Google is shutting down Station, a program that saw the company offer free Wi-Fi across over 400 railway stations in India and other locations worldwide since 2016, TechCrunch reports. Google Station’s website says that the service is currently live in Brazil, South Africa, Nigeria, Thailand, the Philippines, Mexico, India, and Indonesia. The Station program will be wound down globally this year.
Google explained that it took the decision to end the program because it was becoming difficult to scale up and to make it a sustainable business. The company had worked with various partners in each market where it offered the Station service, but each had different technical and infrastructure requirements. In India it worked with RailTel, Indian Railways, and Pune Smart City, for example, while in South Africa it worked with Think WiFi.
TechCrunch notes that part of the challenge is likely to have been exacerbated by a decline in mobile data prices in markets like India, making free Wi-Fi programs less necessary. Google had previously tried to monetize the service by showing ads to users who signed into the service.
Google says that it is working with its partners so that it can “transition existing sites so they can remain useful resources for the community.” In South Africa, a spokesperson confirmed to Business Insider, that it would be transferring operations to Think Wifi, “who will now carry out the project independently.” Think WiFi confirmed to ITWeb that “free WiFi is here to stay” in its locations.
The Station service was popular with many. In June 2018, Google said it had 8 million monthly Station users consuming an average of 350MB of data per session. Over half of Station users connected to the service multiple times a day.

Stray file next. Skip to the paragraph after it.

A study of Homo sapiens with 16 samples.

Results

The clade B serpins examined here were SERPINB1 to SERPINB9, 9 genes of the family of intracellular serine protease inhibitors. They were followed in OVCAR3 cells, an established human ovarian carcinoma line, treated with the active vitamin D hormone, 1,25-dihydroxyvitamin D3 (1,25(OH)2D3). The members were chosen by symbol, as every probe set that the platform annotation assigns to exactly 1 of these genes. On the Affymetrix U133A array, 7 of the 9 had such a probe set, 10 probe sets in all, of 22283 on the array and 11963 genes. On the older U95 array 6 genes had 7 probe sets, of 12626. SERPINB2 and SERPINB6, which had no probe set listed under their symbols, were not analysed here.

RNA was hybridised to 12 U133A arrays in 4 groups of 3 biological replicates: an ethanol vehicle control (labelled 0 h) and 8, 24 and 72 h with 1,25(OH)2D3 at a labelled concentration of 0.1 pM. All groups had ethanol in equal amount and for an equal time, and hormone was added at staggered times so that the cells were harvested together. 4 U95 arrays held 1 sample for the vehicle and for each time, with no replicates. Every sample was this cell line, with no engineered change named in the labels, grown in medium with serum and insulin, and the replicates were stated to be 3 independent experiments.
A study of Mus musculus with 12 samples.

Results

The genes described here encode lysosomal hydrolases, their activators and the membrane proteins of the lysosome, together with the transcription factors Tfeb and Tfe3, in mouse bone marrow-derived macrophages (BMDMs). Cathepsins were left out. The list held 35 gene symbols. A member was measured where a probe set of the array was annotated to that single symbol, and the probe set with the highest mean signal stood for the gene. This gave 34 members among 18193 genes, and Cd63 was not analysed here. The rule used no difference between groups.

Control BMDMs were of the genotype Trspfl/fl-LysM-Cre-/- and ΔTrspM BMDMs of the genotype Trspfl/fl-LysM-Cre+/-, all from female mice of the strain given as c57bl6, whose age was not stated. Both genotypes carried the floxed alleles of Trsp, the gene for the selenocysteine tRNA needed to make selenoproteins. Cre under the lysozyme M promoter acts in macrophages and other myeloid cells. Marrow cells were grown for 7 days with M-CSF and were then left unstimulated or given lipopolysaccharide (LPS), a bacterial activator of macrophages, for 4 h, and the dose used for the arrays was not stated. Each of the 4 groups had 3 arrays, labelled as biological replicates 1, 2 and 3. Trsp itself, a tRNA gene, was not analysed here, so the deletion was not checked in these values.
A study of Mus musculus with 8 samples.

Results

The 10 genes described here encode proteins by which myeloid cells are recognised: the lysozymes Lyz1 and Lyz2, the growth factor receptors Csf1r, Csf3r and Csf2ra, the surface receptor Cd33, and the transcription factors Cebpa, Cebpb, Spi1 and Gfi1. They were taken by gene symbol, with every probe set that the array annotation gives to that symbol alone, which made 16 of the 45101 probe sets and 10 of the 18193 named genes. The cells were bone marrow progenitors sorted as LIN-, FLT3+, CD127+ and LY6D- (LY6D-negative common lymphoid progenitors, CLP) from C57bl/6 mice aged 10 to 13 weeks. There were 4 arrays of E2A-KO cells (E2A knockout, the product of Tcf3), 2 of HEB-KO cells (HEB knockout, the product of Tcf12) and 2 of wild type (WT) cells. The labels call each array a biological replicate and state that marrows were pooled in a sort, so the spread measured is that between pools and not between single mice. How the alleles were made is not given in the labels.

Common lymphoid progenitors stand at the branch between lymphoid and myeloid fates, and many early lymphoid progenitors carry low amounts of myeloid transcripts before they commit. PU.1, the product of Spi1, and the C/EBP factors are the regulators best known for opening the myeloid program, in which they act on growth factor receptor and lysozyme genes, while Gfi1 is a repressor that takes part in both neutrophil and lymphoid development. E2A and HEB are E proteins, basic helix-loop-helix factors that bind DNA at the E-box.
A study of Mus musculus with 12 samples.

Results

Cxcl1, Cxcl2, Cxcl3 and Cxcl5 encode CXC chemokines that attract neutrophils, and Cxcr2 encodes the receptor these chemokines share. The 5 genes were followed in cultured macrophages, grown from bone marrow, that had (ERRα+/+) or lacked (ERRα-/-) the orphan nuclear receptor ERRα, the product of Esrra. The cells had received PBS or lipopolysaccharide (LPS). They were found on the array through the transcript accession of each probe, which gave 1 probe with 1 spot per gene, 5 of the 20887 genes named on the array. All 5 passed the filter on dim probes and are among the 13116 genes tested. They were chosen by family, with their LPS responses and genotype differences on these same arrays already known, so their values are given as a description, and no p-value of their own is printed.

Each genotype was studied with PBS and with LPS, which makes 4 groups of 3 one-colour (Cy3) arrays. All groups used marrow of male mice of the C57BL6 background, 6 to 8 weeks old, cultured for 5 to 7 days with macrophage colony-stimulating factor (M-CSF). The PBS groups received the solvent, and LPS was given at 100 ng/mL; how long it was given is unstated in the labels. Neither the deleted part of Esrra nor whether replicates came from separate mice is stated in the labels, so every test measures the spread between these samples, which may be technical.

The free Wi-Fi initiative was first announced in late 2015 as a means to get more Indians online by offering services at 400 train stations across the country. The first station, Mumbai Central, went live on January 2016, and later that year Google officially named the project Google Station, and said it would also be partnering with other locations including cafes and malls. Despite hitting its 400 station goal in June 2018, the company said its work was still unfinished.
Meanwhile, in South Africa, Google launched Station in November 2019 in 125 locations, according to ITWeb. Today’s announcement means that Google has started winding down the service a little over three months after its initial launch in the country.
Google isn’t the only company to have tried to make it easier for users in developing markets to get online. Facebook founded the Internet.org project in 2013, and in 2016 it launched Express Wi-Fi In India, after its previous internet service was banned in the country. Elsewhere, companies have been experimenting with new technologies to provide internet where fixed infrastructure is more unreliable. Alphabet’s Project Loon has attempted to do this using stratospheric helium balloons, while Facebook has experimented with solar-powered internet drones in the past.